As I write, the Daily Mail’s online Health section has no fewer than three links to recent articles on flu, swine flu, and vaccination. I thought it might be interesting to compare them to previous articles on the same subject.
Mother of two dies: A mother of two has died from swine flu in an outbreak of the virus which has claimed up to five lives in a 30-mile radius.
Fighting for her life: Girl, 9, is latest victim of swine flu epidemic sweeping Britain. The primary school pupil has been unconscious for a week since she was admitted to hospital with breathing difficulties caused by the deadly infection.
Pregnant women urged to have free flu jab as GPs warn major crisis is brewing. Pregnant women are being urged to get a flu jab as senior GPs warn they are ‘deeply concerned’ that a major flu crisis is brewing. For the first time, all pregnant women are allowed to have a free seasonal vaccination on the NHS.
In the third of those articles there is a line noting that: “Half of those who died were at risk because of underlying health problems yet none had received a flu jab.”
The Mail point out that 67.2 per cent of over-65s and 41.5 per cent of under-65s in at-risk groups have had the flu jab in England (lower than vaccination rates this time last year for at-risk groups).
It is possible that one factor contributing to the low uptake of flu vaccine is adverse coverage in the press.
Less than two months ago, the Daily Mail published an article on the seasonal flu vaccine containing the H1N1 (swine flu) strain. While it seems that swine flu itself is more likely to cause Guillain–Barré syndrome than the vaccine is, the Mail saw fit to bring up the possibility of an association between GBS and the flu vaccine – without mentioning that rather important point.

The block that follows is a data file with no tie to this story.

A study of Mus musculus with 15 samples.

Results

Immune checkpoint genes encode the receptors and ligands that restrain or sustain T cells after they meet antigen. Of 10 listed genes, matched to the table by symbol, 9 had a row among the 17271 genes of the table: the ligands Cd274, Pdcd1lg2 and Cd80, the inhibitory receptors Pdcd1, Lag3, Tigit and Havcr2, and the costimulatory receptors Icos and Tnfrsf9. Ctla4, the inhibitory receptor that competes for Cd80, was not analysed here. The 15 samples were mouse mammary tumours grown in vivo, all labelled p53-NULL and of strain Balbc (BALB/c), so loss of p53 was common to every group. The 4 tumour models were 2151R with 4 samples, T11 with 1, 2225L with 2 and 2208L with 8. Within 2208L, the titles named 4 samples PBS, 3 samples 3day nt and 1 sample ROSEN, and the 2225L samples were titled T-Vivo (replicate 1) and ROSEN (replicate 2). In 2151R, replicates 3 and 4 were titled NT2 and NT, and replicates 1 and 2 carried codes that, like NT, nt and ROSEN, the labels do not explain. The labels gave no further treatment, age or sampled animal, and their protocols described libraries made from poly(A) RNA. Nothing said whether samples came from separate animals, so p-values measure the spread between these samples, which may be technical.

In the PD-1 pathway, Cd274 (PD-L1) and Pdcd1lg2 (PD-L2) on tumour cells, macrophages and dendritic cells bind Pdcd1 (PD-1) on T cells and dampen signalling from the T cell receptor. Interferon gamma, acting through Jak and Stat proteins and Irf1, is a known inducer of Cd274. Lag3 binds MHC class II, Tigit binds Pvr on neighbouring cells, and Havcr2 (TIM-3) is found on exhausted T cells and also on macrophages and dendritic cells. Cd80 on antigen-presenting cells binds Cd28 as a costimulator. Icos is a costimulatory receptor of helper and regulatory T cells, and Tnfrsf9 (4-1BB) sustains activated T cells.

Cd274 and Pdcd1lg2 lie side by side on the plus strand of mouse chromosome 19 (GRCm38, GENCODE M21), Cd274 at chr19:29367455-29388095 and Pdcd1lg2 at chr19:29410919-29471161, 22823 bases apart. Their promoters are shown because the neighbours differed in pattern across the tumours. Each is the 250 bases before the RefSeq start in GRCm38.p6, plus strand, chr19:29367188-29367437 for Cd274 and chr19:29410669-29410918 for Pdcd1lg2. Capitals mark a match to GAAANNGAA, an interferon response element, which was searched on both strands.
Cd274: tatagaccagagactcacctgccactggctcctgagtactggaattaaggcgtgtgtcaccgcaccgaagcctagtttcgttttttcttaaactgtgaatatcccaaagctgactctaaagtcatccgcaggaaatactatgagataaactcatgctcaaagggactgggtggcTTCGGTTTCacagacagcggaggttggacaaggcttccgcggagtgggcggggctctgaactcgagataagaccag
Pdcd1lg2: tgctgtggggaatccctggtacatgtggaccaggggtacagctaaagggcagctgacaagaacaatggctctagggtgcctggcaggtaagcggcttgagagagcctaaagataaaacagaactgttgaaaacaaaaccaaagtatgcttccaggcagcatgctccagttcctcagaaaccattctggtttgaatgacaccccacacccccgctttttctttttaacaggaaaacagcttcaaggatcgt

Back in 2009, the same MailOnline journalist wrote another article about swine flu and vaccination:
The Mail article quotes stalwarts of the anti-vaccination lobby Richard Halvorsen (a doctor who authored “The Truth about Vaccines”) and Jackie Fletcher (of the group JABS). If they wanted to have a balanced article discussing the pros and cons of a swine flu vaccine, they would not have invited comment from Halvorsen and Fletcher. It seems to me that the Mail wanted someone to provide comment alluding to sinister government behaviour – Fletcher characterises the government’s message for neurologists to watch for cases of Guillain-Barre Syndrome as follows: “The Government would not be anticipating this if they didn’t think there was a connection. What we’ve got is a massive guinea-pig trial”.
I wonder if anybody at the Mail feels any degree of responsibility for the low uptake of flu vaccine in at-risk groups.